Age Verification Equipment (“AVE”): Should You Agree to Use It to Resolve an OLCC Violation?
The AVE Option. ORS 471.392 allows the OLCC to use AVE as a tool to reduce underage drinking and helps licensees demonstrate that they are responsible business owners. OAR 845-009-0140 allows a licensee to purchase and use AVE in lieu of a civil penalty or suspension for a first sale to a minor or failure to verify age violation. If a licensee did not select the AVE option for a first violation of this type, the OLCC may give a licensee the option to buy and use AVE to partially offset a civil penalty or suspension for a second violation. A licensee can only use this option one time at a particular licensed location.
Process for Selecting the AVE Option. The licensee must notify the OLCC within 15 days of receiving a Notice of Violation of their intention to get and use the AVE. Licensees must be using the AVE within 30 days of receiving the Notice of Violation. Licensees should carefully review the Notice of Violation and diligently follow the instructions listed in the Notice.
AVE Is For Life. Going forward, the licensee must use AVE at every point of sale used to sell alcohol, and the equipment must be used at each point of sale as long as the licensee owns the business. Failure to use the AVE equipment can result in an aggravated penalty for future violations of this type and possible removal from the Responsible Vendor Program. There is no process for eliminating this requirement from a liquor license other than a change of ownership at the location. In other words, a licensee is agreeing to use the AVE at the location as long as the licensee operates at the location and is subject to aggravated penalties for any subsequent violations if the AVE is not appropriately used. In addition, the licensee will need to pay for upgrades or otherwise insure that the AVE meets the OLCC’s standards for the same time period.
AVE Equipment. The AVE must meet all of the following standards:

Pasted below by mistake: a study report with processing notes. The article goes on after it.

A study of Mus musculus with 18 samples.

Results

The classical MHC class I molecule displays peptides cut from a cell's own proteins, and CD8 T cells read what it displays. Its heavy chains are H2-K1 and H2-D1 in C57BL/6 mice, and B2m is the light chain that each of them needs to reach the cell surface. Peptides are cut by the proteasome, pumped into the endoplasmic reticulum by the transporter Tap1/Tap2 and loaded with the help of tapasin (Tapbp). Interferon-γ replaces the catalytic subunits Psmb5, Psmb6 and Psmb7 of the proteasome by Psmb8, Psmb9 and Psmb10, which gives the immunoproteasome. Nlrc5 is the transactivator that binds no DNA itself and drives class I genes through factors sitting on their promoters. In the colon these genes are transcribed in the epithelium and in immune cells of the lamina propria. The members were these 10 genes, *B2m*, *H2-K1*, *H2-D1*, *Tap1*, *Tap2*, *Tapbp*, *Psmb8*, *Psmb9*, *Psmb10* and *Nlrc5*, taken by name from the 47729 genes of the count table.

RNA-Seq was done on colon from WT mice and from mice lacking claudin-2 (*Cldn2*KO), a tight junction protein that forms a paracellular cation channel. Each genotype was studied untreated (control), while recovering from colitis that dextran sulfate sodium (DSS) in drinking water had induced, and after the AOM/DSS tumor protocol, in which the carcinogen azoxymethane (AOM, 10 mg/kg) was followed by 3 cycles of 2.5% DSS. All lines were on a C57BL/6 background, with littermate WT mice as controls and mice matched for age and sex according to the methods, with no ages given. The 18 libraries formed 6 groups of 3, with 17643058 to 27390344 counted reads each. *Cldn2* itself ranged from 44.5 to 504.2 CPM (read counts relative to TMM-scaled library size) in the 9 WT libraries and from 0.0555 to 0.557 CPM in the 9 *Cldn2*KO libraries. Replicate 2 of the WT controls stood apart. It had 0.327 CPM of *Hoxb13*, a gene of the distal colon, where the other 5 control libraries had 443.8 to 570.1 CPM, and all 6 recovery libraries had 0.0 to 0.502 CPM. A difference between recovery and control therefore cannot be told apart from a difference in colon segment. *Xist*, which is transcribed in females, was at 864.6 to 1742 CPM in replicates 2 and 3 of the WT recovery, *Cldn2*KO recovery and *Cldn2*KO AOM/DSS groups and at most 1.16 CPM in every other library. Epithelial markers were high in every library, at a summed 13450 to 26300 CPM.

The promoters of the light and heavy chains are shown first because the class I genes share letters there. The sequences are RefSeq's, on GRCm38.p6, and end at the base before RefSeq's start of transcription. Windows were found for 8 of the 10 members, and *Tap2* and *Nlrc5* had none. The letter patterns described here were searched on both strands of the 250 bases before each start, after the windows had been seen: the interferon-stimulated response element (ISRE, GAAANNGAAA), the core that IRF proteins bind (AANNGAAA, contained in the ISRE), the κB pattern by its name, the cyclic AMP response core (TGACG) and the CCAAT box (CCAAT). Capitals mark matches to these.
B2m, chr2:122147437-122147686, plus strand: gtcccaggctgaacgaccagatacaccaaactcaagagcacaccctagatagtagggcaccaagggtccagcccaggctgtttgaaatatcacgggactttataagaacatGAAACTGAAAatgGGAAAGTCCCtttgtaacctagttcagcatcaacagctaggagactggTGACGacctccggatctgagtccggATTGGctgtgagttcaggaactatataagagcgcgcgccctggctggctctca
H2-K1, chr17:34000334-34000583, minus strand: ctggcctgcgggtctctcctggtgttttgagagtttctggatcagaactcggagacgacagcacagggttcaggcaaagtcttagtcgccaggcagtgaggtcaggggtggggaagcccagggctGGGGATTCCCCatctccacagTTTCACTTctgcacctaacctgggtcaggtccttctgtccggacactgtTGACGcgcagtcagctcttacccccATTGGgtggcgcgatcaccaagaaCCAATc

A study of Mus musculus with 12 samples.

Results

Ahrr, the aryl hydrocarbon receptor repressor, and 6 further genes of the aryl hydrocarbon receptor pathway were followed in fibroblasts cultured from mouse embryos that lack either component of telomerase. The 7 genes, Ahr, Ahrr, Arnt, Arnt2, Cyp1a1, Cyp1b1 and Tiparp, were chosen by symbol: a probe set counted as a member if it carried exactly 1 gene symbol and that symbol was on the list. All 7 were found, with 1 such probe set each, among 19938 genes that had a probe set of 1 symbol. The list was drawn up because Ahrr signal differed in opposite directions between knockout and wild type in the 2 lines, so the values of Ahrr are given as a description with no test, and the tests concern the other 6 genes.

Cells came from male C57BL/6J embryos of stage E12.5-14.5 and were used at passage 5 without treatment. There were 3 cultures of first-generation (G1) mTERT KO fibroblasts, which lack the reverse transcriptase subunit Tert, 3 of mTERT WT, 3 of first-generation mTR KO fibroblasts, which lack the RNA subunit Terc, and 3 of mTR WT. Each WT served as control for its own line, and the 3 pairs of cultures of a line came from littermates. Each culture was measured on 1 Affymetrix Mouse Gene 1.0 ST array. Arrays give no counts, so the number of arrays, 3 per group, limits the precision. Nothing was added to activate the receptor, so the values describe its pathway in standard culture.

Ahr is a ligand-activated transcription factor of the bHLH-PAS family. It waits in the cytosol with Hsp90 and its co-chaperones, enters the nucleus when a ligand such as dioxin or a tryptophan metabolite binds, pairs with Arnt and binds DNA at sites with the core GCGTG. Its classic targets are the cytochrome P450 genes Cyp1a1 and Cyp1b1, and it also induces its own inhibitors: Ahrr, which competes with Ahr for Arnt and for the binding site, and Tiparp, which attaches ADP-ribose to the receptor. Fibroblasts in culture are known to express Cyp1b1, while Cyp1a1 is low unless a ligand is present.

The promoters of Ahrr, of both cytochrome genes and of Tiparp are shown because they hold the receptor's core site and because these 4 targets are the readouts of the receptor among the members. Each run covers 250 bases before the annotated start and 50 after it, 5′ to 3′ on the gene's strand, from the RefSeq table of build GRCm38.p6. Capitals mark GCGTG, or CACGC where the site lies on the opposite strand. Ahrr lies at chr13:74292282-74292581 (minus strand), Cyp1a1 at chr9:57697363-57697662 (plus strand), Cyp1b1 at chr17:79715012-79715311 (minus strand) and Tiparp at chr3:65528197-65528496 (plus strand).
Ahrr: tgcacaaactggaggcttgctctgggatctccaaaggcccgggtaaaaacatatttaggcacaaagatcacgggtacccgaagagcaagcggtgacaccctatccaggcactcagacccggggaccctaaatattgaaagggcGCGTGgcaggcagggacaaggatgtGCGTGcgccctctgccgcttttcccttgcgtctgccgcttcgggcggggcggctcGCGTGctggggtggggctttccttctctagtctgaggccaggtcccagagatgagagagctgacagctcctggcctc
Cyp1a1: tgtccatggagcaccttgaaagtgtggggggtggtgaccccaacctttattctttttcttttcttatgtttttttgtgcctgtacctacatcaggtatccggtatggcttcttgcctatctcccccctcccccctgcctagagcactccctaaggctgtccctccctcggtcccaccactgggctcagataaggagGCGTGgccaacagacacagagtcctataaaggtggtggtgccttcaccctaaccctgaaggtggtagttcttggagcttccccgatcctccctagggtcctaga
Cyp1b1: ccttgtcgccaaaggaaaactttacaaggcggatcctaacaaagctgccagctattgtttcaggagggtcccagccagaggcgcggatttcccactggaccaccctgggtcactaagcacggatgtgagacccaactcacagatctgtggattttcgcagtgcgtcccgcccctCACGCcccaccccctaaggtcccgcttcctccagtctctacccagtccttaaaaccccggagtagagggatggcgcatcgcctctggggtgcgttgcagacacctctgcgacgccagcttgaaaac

(a) The equipment must trigger an age verification process or the equipment itself must verify the age. In either case, the equipment must indicate to the licensee or employee if the customer is of legal age to purchase alcoholic beverages;
(b) The equipment must have a memory function and must be capable of producing a hard copy printout of the results of any verification transaction within the last seven days, either directly from the equipment or through a computer;
(c) The equipment must be able to perform the age verification function for identification from all states in the United States, via either the equipment reading the identification automatically or manual entry of the information; and
(d) The equipment must have the capacity to be updated or upgraded.
Final Verdict. Licensees should carefully consider whether or not AVE is right for them and their business. And, even if using AVE at the business makes sense, licensees should determine whether it makes sense to be permanently bound to using AVE going forward. The short term benefit of an elimination or reduction of a sanction may not outweigh the potential long term burdens of complying with the AVE requirement. Determining how to respond to an OLCC violation requires careful deliberation. Even if settlement is the right option, the details of the settlement matter. In addition, when determining how to respond to an OLCC violation, it is essential to consider the longer view. AVE may not be the best option for all licensees. Understanding your options, what to expect going forward, and how best to ensure future compliance is essential to your business’s continued success when operating in the heavily regulated alcohol regulatory environment.